Tax cuts but for whom?

Suddenly, the major tax issue for trucking to watch is income tax relief, not excise tax restructuring. So how would carriers fare under the Bush and House Democratic tax plans? There are three provisions in the President's proposal that particularly bear watching: dividend relief, individual rate cuts, and a small investment incentive. The biggest, accounting for more than half of its $674- billion,

Suddenly, the major tax issue for trucking to watch is income tax relief, not excise tax restructuring. So how would carriers fare under the Bush and House Democratic tax plans?

There are three provisions in the President's proposal that particularly bear watching: dividend relief, individual rate cuts, and a small investment incentive.

The biggest, accounting for more than half of its $674- billion, 10-yr. price tag, is a complete exemption from individual income tax for dividends received from corporations. The proposal would improve the attractiveness of dividend-paying companies relative to those that retain all earnings and reward their investors through higher stock prices. Thus, even firms that don't pay dividends now would need to consider doing so.

The exemption could induce some firms to change their legal form of organization. In the past decade, many carriers have elected to organize as "S" corporations, partnerships or limited-liability companies, which are taxed at the individual shareholder or partner level, instead of traditional "C" corporations, in which both the corporation and its shareholders are taxed.

Under the Bush plan, companies that retain individual-level tax status could be winners, too. That's because the plan would make retroactive to Jan. 1, 2003 the upper-bracket individual rate cuts scheduled to take place in '04 and '06. The top individual rate, currently 38.6%, would drop to 35%, the same as the top corporate rate.

Businesses of any legal form that make small amounts of investments would get help from a third provision in the Bush plan: an increase in the amount of new equipment that could be expensed, or deducted immediately, instead of depreciated over several years. The limit would rise from $35,000 to $75,000, but only for businesses whose investment in equipment during the year totals less than $400,000.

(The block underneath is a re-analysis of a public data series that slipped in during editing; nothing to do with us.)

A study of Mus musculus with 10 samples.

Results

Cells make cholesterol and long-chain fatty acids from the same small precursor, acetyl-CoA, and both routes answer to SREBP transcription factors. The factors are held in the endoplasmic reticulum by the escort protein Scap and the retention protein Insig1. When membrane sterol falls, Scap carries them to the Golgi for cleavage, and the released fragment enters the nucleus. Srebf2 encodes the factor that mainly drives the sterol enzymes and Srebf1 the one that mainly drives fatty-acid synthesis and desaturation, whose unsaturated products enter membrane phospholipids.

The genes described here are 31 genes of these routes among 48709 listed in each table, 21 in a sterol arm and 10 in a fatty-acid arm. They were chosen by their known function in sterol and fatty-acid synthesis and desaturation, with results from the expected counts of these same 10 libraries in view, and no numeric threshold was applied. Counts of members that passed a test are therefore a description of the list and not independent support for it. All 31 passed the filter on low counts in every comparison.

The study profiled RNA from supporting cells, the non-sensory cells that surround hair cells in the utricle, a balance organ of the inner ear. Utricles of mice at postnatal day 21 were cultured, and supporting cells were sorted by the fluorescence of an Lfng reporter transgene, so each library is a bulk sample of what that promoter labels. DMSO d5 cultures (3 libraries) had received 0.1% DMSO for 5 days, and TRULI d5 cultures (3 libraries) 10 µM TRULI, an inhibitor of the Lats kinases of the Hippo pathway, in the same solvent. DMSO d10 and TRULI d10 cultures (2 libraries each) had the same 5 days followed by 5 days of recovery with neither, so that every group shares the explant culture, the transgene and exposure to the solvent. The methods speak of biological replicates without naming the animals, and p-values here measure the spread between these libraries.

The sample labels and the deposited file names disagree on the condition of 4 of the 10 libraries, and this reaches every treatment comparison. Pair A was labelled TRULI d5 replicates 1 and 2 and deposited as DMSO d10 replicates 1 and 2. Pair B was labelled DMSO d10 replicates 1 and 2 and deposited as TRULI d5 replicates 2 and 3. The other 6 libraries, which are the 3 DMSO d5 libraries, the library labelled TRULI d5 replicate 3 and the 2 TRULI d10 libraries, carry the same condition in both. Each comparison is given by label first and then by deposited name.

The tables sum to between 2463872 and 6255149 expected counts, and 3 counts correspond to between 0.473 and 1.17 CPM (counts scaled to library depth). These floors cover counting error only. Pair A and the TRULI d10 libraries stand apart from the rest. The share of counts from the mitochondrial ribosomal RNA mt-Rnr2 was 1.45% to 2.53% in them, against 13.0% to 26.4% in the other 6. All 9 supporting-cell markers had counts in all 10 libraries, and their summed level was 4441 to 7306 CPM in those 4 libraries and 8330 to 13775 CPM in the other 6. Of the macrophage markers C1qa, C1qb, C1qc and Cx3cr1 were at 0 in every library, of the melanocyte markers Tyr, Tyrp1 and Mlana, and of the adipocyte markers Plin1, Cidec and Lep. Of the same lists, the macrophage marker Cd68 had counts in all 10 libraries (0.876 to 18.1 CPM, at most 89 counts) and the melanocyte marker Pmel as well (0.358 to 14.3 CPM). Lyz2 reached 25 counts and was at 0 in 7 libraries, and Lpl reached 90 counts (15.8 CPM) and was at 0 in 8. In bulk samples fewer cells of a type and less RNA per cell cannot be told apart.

House Democrats have suggested one tax change that might be adopted, despite the party's minority status. That would be a further boost to the "bonus" depreciation that was enacted as part of last year's stimulus bill. The Democrats would allow firms of all sizes to write off 50% of the cost of equipment placed in service in '03, vs. 30% under the current temporary law. The remaining cost would continue to be depreciated under regular rules (three years for tractors, five years for trucks and trailers).

The House Democratic proposal also includes a one-time hike in money flowing to states for highway construction. But the Democrats would not accelerate the individual rate cuts.

Neither side has proposed to extend a provision that could provide the greatest help to struggling carriers. Last year's bill let firms with net operating losses (NOLs) carry-back the loss to five prior tax years instead of two, and claim a refund of taxes previously paid in those years. The extended NOL carry-back applied only to tax years ending in '01 or '02, however. Given the weak economy and high fuel prices, many carriers are likely to report NOLs in '03. But if they also had losses in '01 and '02, they will not be eligible for refunds under current law unless they can make it into '04 and carry forward the NOL.

The bottom line: Keep your spreadsheet program booted up. The President, backed by a solid majority in the House, will press to get the law changed promptly and retroactively. That means there can be a reward for making changes in investment strategy, and even legal form of organization, as soon as the final provisions become effective. But many of the changes, especially the dividend exclusion, are likely to be modified or replaced with other provisions.